In my mind’s eye I see them sitting in their turrets, pale creatures with staring eyes, their unkempt hair laced with cobwebs.
Muttering, they read my submissions and slash at them with their editing quills, using ink mixed from the blood of kittens and the bitter tears of disappointed authors.
The rejection stings, but it does no lasting harm. Ten minutes later the urge to write a witty but insulting riposte has gone and the feeling of worthless failure has faded. In my mind’s eye I now see someone much more respectable and less likely to be cruel to kittens.
We need editors and as I mellow I begin to feel grateful for their efforts in running magazines.
I start work on another submission, but I can’t quite shake the feeling that if I was to send a gift-wrapped unicorn it would turn into a donkey under the scrutiny of editors.
opened with hope
read with dismay
I don’t generally publish my own poetry and I will, later, write about my thoughts on self-publication, but I thought I’d give it a shot this time as this one is unlikely to be accepted. I like haibun – they are like writing a normal blog post and adding three short lines of poetry. You can add more, but I didn’t want to spoil you.
(Sorry about the double spacing in the haiku – I don’t seem to be able to get rid of it. Come to think of it, it’s actually a senryu not a haiku. Ah well…)
Even through I’ve been an editor at various haibun journals, the beastly little poem that must accompany the prose and title remain my Achilles’ Heel. So I sympathize and continue to suffer through the same waits for the accept/reject reply from an editor even though my secretly cherished little list of haibun acceptances is at about the 150 mark in most of the journals that carry haibun. Because your prose is so strong and feels to me as I read it comes from the lived experience, I’d guess that as with my haibun, the haiku are the problem. And yes, editors are simply volunteers who help, without pay, to get the journals working and unfortunately find they’ve stepped into saying yes or no (few elect the other option – make helpful suggestions) for a variety of reasons, the main one being time. And some editors, I guess, have a strong feeling that they know about the nature of haibun prose and haiku/senryu, and say yes or no with more strength than I ever did. I do hope you keep at it. Here’s a haiku from a haijin who wasn’t much admired in his time, but who has become the best loved haiku poet in Japan, or so I’ve read here and there.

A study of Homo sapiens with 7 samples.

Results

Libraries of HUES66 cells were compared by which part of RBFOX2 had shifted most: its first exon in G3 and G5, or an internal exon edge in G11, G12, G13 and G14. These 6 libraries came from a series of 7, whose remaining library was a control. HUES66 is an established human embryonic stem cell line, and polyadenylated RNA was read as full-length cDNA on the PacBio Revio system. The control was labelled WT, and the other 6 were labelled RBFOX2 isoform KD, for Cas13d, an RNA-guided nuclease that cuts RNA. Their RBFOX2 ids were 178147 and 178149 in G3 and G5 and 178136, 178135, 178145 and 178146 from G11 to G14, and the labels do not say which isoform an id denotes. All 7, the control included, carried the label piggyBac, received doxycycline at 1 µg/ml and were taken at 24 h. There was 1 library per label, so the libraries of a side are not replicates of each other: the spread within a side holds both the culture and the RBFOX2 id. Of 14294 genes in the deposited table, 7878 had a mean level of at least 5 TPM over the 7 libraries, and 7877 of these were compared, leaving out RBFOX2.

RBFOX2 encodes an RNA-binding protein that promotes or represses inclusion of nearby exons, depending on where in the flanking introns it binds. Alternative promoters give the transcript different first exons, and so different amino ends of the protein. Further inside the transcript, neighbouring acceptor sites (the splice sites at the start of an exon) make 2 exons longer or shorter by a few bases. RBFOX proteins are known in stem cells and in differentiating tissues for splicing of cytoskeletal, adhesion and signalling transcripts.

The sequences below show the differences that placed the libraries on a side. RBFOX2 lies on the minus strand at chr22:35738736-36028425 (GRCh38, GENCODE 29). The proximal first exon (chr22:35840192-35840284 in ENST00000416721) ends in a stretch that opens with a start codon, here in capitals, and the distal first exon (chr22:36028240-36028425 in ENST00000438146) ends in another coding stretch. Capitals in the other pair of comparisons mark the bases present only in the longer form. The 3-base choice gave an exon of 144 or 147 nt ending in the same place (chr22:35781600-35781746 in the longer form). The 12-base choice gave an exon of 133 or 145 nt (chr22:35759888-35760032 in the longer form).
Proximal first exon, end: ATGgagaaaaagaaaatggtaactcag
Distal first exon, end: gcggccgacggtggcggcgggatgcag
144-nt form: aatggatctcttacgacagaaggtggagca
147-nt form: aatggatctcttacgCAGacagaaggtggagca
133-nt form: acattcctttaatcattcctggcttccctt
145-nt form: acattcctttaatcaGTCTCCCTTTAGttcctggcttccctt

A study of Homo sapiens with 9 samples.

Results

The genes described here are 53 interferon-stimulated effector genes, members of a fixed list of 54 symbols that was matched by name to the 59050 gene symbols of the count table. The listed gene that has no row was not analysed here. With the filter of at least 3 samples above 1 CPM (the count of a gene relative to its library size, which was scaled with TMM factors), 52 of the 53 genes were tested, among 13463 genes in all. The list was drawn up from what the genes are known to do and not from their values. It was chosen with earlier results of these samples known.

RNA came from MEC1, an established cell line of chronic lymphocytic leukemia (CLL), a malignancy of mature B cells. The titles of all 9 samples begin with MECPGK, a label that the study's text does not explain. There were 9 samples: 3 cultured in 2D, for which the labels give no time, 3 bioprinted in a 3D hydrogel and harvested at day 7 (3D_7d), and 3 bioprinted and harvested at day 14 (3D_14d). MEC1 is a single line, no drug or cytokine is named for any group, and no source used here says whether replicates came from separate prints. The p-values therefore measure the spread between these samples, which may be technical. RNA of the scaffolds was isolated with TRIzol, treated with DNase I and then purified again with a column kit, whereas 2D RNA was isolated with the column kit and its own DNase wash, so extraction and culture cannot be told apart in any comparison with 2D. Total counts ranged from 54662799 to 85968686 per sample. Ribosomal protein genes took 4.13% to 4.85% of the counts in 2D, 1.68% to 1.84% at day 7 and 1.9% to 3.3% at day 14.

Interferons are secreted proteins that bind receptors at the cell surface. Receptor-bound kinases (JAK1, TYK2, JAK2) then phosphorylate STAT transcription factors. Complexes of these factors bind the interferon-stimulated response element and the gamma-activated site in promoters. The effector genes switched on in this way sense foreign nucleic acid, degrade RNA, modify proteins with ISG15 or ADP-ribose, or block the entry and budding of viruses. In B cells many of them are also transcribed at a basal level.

Climb Mount Fuji
But slowly, slowly!
― Kobayashi Issa (sorry, don’t know the translator)
p.s. Coundn’t find your part 2 essay on Why Continue WP Blogging?’
I empathise with that snail.
Part 2 is here, though I have to confess to a habit of sometimes forgetting to write the sequels I promise.
You are correct about the haiku – they are definitely my weak point. About twelve months ago I had several rejections on the basis that they didn’t have a strong enough relationship to the prose. It seems that I may have over-corrected as the last rejection was on the basis that they were too close to the prose.
The editors of haibun, to give credit where it is due, have always seemed much more helpful than the editors of other sorts of writing.
Thank you Laurie. You are, of course, a true gem of an editor. 🙂
Thank you. 🙂
I like the idea that editors have the evil eye!
That double spacing seems to be a feature of the WP editor. Annoying!
It is. I tried using lots of spaces to fill the lines but it doesn’t transfer from editor to page. Ah well…
An interesting choice of words and phrases there mate…love it!